In today’s gospel from Matthew 13, 1-23, Jesus offers a parable that interprets the mounting opposition he faces from many sides early in his ministry. For one thing, people in Chorazin, Bethsaida, Capernaum–cites and towns along the Sea of Galilee that received him warmly for his miracles and his teaching– begin to turn away from him. (Matthew 11,16-24)) The Pharisees and scribes, the Jewish religious leaders, accuse him of breaking Jewish laws and being possessed by the devil. (Matthew 12,22-34) Some of his own family from Nazareth come to take him home because they think he’d out of his mind. (Matthew 12, 46-50) Finally, his own disciples don’t seem to understand him.
What explains the desertion, opposition, lack of understanding towards him and his ministry that began with great acclaim?
The parable of the seed and the sower is Jesus‘ answer to what he faced, but also what the Word of God faces continually from humanity. God’s Word is received by the human heart like seed received in the ground.
The seed is life-giving, but if it falls on rocky ground it’s eaten right away by the birds of the air. If it falls on thin soil it fails after awhile because it has no roots; if it falls among thorns and weeds they choke it. But if it falls on good ground the seed produces fruit beyond anything you expect.
The parable first applies to the world Jesus faced, but it’s also a picture of how humanity in every age receives the Word of God. Our hearts can be hard, fickle, vain, proud, unheeding, but we can also accomplish great deeds. The seed’s not at fault, it’s the ground it falls on.
Still, the sower never stops sowing seed. life-giving seed. That’s also important to remember. God never withholds his grace.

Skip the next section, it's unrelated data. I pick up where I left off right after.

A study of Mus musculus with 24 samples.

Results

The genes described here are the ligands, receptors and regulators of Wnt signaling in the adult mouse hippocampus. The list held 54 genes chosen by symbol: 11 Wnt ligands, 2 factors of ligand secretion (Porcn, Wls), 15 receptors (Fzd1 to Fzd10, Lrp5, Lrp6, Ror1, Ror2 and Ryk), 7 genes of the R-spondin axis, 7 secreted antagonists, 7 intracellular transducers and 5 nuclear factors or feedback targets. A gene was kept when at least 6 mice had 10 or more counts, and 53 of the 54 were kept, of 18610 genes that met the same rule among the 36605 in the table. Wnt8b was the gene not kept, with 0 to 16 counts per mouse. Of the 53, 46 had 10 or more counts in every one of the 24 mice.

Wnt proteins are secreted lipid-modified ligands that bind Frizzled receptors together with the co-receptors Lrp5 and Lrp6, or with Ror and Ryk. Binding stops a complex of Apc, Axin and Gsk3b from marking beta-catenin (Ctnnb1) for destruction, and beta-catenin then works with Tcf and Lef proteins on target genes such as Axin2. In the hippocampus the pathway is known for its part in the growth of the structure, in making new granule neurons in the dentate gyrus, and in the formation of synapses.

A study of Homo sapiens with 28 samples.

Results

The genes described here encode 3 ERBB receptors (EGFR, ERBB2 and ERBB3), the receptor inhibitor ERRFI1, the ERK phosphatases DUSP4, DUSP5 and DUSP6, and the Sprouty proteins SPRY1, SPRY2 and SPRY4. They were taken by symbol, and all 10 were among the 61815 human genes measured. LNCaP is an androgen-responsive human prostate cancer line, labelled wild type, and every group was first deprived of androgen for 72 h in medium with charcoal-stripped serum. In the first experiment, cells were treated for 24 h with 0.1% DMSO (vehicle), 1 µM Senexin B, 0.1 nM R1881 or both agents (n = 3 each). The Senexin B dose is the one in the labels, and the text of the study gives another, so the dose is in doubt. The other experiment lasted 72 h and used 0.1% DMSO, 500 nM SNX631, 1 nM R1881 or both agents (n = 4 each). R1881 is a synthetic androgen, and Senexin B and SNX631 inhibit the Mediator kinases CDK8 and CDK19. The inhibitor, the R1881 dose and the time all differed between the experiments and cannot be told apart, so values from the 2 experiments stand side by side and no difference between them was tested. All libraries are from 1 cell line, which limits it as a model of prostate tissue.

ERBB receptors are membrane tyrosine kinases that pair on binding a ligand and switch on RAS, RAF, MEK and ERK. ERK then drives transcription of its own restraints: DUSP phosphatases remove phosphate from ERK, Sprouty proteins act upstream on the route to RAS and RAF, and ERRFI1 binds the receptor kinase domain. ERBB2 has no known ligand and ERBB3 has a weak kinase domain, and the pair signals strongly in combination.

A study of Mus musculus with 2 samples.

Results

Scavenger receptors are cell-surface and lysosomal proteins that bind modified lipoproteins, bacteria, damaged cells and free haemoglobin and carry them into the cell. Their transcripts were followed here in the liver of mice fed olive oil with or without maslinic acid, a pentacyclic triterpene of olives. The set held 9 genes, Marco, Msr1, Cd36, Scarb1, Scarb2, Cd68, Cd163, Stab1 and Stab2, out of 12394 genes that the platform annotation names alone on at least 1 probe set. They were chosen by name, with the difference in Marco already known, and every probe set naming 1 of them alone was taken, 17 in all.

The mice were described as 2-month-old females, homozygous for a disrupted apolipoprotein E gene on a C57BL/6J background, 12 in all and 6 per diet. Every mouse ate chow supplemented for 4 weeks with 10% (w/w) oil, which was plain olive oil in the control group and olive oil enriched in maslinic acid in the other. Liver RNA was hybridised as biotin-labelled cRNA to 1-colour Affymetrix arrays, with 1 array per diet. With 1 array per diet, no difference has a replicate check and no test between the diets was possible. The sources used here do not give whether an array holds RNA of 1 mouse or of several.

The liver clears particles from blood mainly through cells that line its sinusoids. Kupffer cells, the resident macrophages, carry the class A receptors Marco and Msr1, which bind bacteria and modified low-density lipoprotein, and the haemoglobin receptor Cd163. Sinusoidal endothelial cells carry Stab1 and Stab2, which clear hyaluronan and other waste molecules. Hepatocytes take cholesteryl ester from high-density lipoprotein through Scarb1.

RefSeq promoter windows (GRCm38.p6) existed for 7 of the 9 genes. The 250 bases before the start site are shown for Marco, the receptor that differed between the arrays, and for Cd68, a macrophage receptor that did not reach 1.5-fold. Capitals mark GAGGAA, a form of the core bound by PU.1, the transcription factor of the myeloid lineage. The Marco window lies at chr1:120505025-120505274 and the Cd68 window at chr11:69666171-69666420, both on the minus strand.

In a poem called “Putting in the Seed” Robert Frost describes a farmer’s love affair with the earth. It’s spring and getting dark, yet the farmer keeps working his field. Someone from the house goes to fetch him home. Supper’s on the table, yet he’s a
“ Slave to a springtime passion for the earth.
How Love burns through the Putting in the Seed
On through the watching for that early birth
When, just as the soil tarnishes with weed,
The sturdy seedling with arched body comes
Shouldering its way and shedding the earth crumbs.”
Is Frost’s farmer zestfully casting seed on the waiting earth an image of God, the Sower, casting saving grace onto the world, in season and out, because he loves it so ?
Jesus’ parable of the seed and the sower seems to suggest it. The land surrounding the Sea of Galilee where Jesus ministered is still a fruitful land where crops grow in abundance, as they did in his time. It’s a blessed place. In a place like that, the sower scatters his seed confidently, not afraid where it goes: on rocky ground, or amid thorns, or on the soil that gives a good return. Because of his love and trust of the land, the sower keeps sowing.
Can we say that God the Sower sows blessed seed, no matter how badly our human world appears, or how badly it receives? Like the seasons that bring snow and rain, grace is never withheld. God, who loves it so, blesses the earth and all of us.
The sower still sows; the snow and rain still fall. That brings us hope.